I have learned a lot in the last couple of days. For instance, that India is short of about 20 million homes at present. Her cities are growing at the rate of 5% per annum (on average). The investment required to build the homes and supporting infrastructure the country needs in the next ten years is enormous. One speaker at the conference I have been attending in Singapore estimated that the country will need 23 million homes for "LIG" (Low Income Group) families. With a startling lack of political correctness, he helpfully clarified that this meant "the homeless and the slum dwellers." He thought another 56 million homes will be needed for HIG families. He estimated the costs (including infrastructure) at $22.5 trillion US.

There is precious little chance of that kind of investment (particularly, to be fair, for so long as the Indian people continue to see foreign investment as a threat to be controlled). The Indian government seems to understand the need, but peasant farmers' protests at their land being compulsorily purchased for "Special Economic Zones" have caused that programme to be put on hold, for example. If Karl Marx were to come back to life, even he would have to admit, after the global experiment of the last century, that his ideas were barking mad. Yet major Indian states are still ruled by Communist Parties - albeit their members seem to be otherwise more sensible chaps than our own New Labour.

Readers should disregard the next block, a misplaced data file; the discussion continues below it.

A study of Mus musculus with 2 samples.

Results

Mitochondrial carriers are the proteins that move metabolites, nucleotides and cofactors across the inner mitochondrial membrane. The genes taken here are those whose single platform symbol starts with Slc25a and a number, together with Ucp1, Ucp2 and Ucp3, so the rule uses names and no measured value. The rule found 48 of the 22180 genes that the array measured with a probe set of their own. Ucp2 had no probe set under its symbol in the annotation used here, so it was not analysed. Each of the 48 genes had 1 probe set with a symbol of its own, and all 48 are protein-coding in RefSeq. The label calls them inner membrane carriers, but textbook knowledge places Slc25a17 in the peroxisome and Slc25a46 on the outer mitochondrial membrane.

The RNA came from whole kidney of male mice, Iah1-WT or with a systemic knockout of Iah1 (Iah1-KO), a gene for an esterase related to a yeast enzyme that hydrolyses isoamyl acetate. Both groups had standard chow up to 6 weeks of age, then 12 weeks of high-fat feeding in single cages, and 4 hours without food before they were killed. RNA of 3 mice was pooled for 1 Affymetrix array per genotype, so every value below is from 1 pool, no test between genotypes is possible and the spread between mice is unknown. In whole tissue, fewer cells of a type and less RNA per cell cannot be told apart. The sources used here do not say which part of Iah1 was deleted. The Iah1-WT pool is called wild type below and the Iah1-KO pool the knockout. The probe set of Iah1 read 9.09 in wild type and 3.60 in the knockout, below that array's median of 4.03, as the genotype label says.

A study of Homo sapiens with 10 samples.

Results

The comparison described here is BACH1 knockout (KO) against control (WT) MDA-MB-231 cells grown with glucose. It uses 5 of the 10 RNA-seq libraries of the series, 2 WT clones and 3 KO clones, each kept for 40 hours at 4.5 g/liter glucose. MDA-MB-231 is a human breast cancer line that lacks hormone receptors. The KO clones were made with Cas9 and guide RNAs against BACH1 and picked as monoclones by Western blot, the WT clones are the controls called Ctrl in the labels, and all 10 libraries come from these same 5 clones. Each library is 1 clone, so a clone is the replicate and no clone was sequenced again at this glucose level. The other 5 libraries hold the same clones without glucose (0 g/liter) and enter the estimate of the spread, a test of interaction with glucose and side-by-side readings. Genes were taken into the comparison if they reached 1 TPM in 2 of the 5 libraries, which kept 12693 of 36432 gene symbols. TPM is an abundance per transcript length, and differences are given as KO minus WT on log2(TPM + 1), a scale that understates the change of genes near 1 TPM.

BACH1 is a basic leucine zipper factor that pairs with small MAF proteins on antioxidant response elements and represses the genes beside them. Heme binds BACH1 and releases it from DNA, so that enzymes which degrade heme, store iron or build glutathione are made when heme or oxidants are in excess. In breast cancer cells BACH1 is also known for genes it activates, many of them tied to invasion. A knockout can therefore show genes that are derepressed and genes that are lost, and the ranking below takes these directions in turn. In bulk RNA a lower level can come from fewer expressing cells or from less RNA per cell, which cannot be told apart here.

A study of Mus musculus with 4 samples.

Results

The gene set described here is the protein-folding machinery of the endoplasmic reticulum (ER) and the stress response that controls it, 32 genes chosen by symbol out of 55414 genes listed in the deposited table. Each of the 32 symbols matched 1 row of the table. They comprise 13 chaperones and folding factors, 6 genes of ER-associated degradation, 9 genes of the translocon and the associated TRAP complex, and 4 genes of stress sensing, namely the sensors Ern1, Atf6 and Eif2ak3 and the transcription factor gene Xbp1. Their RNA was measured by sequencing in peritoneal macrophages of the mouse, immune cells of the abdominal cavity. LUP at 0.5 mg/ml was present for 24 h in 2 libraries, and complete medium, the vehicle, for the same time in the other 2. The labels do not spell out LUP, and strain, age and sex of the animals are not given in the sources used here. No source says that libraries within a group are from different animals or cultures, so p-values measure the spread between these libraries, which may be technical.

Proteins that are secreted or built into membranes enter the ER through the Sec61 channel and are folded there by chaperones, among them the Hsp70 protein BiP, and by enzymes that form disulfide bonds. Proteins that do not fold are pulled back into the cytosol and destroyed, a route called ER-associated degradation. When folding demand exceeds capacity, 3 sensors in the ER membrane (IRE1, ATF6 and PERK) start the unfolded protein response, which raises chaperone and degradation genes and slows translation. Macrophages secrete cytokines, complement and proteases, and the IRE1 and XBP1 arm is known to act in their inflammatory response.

Frankly, India is such an attractive proposition at present that I am not sure any special Foreign Direct Investment programmes are needed. All the Indian Government would have to do is remove the legal barriers so that investors can come and go without restraint. That seems, alas, to be politically impossible.

Marx has a lot to answer for.

The Indians at the conference were all, by the way, utterly charming. I have not heard such polite English spoken for a long time. They would apologise in advance for making a "strong statement" in their speeches, before going on to say something utterly innocous.

After the conference ended, I went last night for drinks and dinner at Raffles Hotel. That may seem crass, I know, but I can assure you that no Indians were harmed in the exercise. Here are some pictures.





If one is visiting Singapore, either for work, pleasure, or a combination of both,i can't think of a better place to enjoy the surroundings, the food, a Singapore sling or two, and the general ambience.